Last week's brief skirmish between nuclear India and Pakistan over a terror attack in the Himalayan territory of Kashmir gave the world the shivers.

Tensions have diminished after Islamabad returned an Indian pilot downed on a retaliatory bombing run against an alleged Pakistani terrorist base. Yet the most plausible threat of nuclear weapons use still emanates, not from North Korea or Iran, but from those two contentious South Asian neighbors.

And the tensions revolve around their historic dispute over control of the spectacular mountains and valleys of Kashmir.

My trip last year to the Indian-controlled portion of Kashmir offered insights on the behavior on both sides that keeps the conflict boiling — and on why current U.S. policy towards Pakistan could help prevent an all-out war.

Driving through the sharp switchbacks and verdant valleys of Kashmir, on the National Highway to the capital, Srinagar, one comes to the Kargil War Memorial in the shadow of the Tololing hills. Built by the Indian Army, the memorial celebrates the soldiers and officers killed in the 1999 Kargil War, when Pakistani soldiers crossed the Line of Control (LoC) that divides Kashmir between the two countries — and seized key peaks that gave them control over the highway.

The memorial is emotional, with pictures and plaques relating the life stories (in Hindi and English) of heroic officers and men who scaled and retook the peaks under fire. Families with children file through the exhibit and stroll up a flower-lined walkway to a pink stone monument to the fallen.

Yet times have changed since the Kargil war, which was begun by then-Pakistani military commander Pervez Musharraf. At the time, the Clinton administration intervened to prevent any potential escalation to the use of nuclear weapons and ultimately facilitated a Pakistani pullback.

However, the Trump administration has proved far less tolerant than previous GOP and Democratic administrations toward Pakistani prevarications. The administration has cut or frozen hundreds of millions of dollars of security aid to Islamabad in response to Pakistan’s use of militant Islamist groups as proxies to conduct attacks on India and the Afghan government. It also has encouraged an international task force to place Pakistan on a global terrorism-financing watch list.

If the task force blacklists Pakistan, this would open the door to international sanctions that would further shake the country’s wobbly economy. Such a threat may be why Pakistan’s prime minister, Imran Khan, quickly ended the latest Kashmir crisis and vowed to crack down on militant groups.

Khan may also realize that provocations in Kashmir will no longer impel the United States to come to Pakistan’s rescue. Even close allies like China and Saudi Arabia have indicated that they want Pakistan to act against extremists, which include the Jaish-e-Mohammed group that carried out the attack in Kashmir.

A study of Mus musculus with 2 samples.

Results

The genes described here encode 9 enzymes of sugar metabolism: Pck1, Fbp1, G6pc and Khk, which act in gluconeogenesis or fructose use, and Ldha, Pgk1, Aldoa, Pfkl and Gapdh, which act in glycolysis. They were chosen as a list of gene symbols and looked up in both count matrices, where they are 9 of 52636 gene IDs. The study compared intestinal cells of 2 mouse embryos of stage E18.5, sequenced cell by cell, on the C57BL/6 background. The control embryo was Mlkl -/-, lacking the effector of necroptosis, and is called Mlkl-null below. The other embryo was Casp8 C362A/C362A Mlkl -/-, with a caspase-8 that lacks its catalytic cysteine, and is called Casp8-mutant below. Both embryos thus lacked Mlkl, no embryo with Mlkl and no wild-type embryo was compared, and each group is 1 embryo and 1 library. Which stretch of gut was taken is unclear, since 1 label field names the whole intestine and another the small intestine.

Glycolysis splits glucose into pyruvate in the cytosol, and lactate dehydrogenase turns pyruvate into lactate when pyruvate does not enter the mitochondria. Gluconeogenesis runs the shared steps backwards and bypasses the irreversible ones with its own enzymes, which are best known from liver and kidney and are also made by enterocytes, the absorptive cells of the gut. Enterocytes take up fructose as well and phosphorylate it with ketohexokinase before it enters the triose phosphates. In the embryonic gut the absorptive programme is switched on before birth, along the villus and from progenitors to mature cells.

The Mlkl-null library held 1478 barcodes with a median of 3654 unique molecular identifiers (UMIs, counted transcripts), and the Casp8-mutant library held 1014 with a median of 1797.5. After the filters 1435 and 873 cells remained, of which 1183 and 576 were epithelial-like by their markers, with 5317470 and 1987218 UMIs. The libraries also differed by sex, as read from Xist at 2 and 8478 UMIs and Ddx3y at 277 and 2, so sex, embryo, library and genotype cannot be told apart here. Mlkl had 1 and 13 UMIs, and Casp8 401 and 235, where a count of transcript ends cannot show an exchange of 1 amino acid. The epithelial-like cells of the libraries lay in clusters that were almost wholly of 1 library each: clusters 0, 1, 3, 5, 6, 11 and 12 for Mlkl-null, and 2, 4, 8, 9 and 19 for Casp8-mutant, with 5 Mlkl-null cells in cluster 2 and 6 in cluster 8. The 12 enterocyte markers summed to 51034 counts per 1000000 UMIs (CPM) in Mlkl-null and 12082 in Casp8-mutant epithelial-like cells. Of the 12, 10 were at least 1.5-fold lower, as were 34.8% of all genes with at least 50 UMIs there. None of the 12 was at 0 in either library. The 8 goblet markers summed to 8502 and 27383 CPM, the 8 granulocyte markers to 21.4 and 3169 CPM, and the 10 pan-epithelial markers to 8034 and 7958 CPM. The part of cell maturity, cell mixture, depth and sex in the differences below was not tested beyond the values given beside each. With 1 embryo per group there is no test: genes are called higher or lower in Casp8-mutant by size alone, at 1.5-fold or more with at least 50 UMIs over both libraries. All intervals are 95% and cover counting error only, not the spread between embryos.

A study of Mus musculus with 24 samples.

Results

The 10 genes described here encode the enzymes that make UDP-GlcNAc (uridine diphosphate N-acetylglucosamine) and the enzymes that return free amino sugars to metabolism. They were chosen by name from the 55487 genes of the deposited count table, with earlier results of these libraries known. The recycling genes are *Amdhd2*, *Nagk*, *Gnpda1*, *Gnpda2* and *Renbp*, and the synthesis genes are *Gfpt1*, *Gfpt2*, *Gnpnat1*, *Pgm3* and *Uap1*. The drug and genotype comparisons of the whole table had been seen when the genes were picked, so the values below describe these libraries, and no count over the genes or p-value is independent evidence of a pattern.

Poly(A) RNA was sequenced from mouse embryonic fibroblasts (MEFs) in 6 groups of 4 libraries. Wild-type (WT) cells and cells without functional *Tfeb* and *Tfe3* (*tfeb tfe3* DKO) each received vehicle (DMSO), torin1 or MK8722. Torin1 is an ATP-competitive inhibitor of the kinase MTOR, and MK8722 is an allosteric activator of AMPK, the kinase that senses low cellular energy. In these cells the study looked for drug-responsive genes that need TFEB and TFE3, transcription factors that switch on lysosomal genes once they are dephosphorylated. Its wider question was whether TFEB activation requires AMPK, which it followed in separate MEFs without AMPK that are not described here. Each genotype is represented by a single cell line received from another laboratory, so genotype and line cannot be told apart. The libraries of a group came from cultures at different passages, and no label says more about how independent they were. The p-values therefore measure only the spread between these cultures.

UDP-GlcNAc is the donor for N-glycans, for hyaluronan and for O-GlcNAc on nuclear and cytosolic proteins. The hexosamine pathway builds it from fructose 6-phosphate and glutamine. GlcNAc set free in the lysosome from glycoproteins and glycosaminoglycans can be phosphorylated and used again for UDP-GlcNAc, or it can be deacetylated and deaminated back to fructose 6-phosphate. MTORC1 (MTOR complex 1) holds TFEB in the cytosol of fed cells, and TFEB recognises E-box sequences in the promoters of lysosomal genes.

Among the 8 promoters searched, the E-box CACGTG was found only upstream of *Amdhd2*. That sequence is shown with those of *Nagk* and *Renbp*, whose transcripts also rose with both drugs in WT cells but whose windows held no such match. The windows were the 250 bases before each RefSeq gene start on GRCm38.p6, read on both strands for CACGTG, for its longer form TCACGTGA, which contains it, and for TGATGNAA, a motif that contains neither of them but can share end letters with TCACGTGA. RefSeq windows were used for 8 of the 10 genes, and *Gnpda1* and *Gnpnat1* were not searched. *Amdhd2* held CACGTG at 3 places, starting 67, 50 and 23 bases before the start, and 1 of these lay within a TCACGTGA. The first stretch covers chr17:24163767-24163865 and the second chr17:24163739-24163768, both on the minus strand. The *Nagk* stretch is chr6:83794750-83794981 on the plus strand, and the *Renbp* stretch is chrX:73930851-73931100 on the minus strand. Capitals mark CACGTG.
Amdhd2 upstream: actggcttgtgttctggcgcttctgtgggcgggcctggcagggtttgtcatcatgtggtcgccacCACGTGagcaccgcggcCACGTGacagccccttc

“The global constellations have aligned in new ways,” says the Hudson Institute’s Husain Haqqani, a former Pakistani ambassador to Washington who has written on the links between his country’s military and Islamist militants. “It is clear that no one wants to take Pakistan’s chestnuts out of the fire so they need to be careful about putting them there.”

However, my Kashmir visit also showed the risk of Indian overconfidence on Kashmir, which leads to increasing repression against local civilians that alienates a generation of Kashmiri youths.

The Indian military presence is heavy visible on Kashmiri roads and in the capital and outlying villages, and roundups of young men are routine. With national elections coming up in a month, Prime Minister Narendra Modi and his Hindu nationalist party have been beating the war drums to gain political advantage.

And with a Trump administration that has been openly courting Modi, in hopes of enlisting (a skeptical) India as a bulwark against China, there is little prospect for reopening negotiations with Pakistan over Kashmir.

Indeed, as I saw in Srinigar, those Kashmiris who seek a peaceful resolution for their future do so at risk of their lives.

While there, I learned of the murder of Shujaat Bukhari, a brave journalist and editor, who was gunned down in daylight in front of the office of his newspaper, Rising Kashmir. Bukhari’s “crime,” it appears, was to have worked behind the scenes to encourage negotiations between Pakistan and India. While that earned him enemies in both countries, a bizarrely botched Indian police “investigation” into his death raises the question of an official Indian hand in his murder.

Meantime, the Indian government is pursuing a court case that would allow Hindu nationalists to buy up property in Kashmir.

The world, and the Trump administration, may have little interest in Kashmir, but continued Indian repression will only feed resistance — and homegrown terrorism — among Kashmiri youth.

On the other hand, the swift end to the latest crisis, along with U.S. pressure on Pakistan, provides an opportunity to restart talks on Kashmir after the Indian elections — if India is interested.

Might some Trump encouragement to his friend Modi on Kashmir provide a better path to that Nobel Peace prize than his efforts with Kim Jong Un?